Ryan Court has seen a lot in affiliated baseball. He’s experienced the frigid, spring night games in the International League and the long travel days in the Pacific Coast League.
His most coveted experience is the one that’s proved most elusive: The majors.
“It would mean a lot,” Court said. “I think for a while I felt like I could have played in the big leagues. I played for two really good organizations that didn’t really need any help in Boston and Chicago. It feels like a good fit (in Seattle) and I really like this organization and if I’m able to help them, that’s the ultimate dream.”
Court, 31, has been seeking a big-league callup ever since reaching Triple-A for the first time in 2016. Drafted in the 23rd round by the Diamondbacks in 2011, Court was released by Arizona in 2015 and subsequently landed with the Sioux City Explorers of the American Association, an independent league team.
He was eventually signed as a minor-league free agent with Boston, splitting time between Double-A Portland and Triple-A Pawtucket before being released. The Cubs signed him as a minor-league free agent the next year but he couldn’t break through past Triple-A Iowa after two seasons and was released during 2019 spring training.
Court played eight games for the Sugar Land Skeeters of the Atlantic League, another independent league team, before signing with the Mariners in April.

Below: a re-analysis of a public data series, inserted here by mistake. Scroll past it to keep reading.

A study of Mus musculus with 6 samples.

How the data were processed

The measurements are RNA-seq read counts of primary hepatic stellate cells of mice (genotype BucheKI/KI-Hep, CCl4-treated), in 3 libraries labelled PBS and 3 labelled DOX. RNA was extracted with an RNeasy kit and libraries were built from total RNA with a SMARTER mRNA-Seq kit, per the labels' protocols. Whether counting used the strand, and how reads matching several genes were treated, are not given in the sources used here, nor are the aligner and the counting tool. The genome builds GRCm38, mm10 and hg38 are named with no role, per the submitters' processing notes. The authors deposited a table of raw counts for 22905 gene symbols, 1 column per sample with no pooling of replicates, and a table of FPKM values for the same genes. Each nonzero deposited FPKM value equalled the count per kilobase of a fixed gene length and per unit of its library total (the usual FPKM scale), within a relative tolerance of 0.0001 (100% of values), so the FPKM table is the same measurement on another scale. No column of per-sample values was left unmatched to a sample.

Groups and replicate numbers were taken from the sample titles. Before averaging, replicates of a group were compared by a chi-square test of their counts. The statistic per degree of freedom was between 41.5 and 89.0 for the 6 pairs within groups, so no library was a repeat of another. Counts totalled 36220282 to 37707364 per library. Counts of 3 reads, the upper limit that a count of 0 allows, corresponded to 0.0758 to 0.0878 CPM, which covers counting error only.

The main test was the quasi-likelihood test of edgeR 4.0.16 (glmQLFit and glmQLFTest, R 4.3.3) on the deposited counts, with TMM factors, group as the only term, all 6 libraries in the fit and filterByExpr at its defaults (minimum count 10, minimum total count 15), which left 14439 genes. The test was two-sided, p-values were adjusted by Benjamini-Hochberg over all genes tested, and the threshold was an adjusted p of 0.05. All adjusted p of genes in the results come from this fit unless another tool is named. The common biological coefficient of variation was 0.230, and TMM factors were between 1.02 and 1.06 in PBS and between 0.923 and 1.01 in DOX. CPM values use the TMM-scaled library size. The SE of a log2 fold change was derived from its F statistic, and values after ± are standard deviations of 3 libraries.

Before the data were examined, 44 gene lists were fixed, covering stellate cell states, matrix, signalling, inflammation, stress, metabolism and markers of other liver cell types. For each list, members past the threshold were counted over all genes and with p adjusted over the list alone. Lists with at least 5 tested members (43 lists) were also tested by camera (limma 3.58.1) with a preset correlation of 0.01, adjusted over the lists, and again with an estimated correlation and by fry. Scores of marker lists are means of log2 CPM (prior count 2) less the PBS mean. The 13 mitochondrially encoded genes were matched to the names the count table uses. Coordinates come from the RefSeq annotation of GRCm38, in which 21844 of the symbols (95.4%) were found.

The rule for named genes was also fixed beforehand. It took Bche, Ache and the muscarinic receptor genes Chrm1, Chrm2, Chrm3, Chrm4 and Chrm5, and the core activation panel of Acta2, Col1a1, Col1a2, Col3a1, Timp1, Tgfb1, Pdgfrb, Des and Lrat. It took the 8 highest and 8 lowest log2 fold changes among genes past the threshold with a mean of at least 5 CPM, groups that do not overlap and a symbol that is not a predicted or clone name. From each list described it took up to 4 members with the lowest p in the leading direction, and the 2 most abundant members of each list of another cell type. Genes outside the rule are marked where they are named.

When Edwin Encarnacion was traded to the Yankees, it opened up a spot on the Mariners’ 25-man roster that was filled by Austin Nola, a 29-year-old journeyman, similar to Court. It’s possible that if Court wasn’t injured he would have been considered for that opening, as he posted a slash line of .328/.429/.586 in 17 games before landing on the injured list.
While it was unfortunate timing, Court said the rehab assignment has allowed him to impart some of his knowledge on younger players in Everett, something he said he enjoys doing.
“I think part of being here is being to help guys that are just getting into it,” Court said. “Because when I first started out, I didn’t know and I wish I heard from an older guy that’s been around. Because sometimes as individuals, you hear from a coach, and then you hear from someone that’s been doing it for a while, sometimes it will resonate more. I’ve been around, I’ve seen a lot of really good players, so anything I can help these guys out with, I’d love to build their confidence.
“There’s a lot of guys with a lot of talent here and sometimes hearing it from an older guy or one that’s been up at higher levels, it means a lot to these guys.”
Court is expected to have the day-off on Friday before returning to the Rainiers on Saturday. He was productive for the AquaSox during his four rehab games, hitting .400 with a 1.300 on-base-plus slugging over 10 at-bats.
Although he’s hopeful that he can reach the majors with Seattle, he’s not letting that get in the way of his day-to-day process.
“It’s more of the feeling inside of just knowing I can play in the big leagues,” Court said. “If it happens or not, that’s out of my control. When I was younger, I really wanted to control the uncontrollables. And I know I can play at that level, and if it doesn’t happen, then it wasn’t in the cards. But if it does I’ll help the team out.”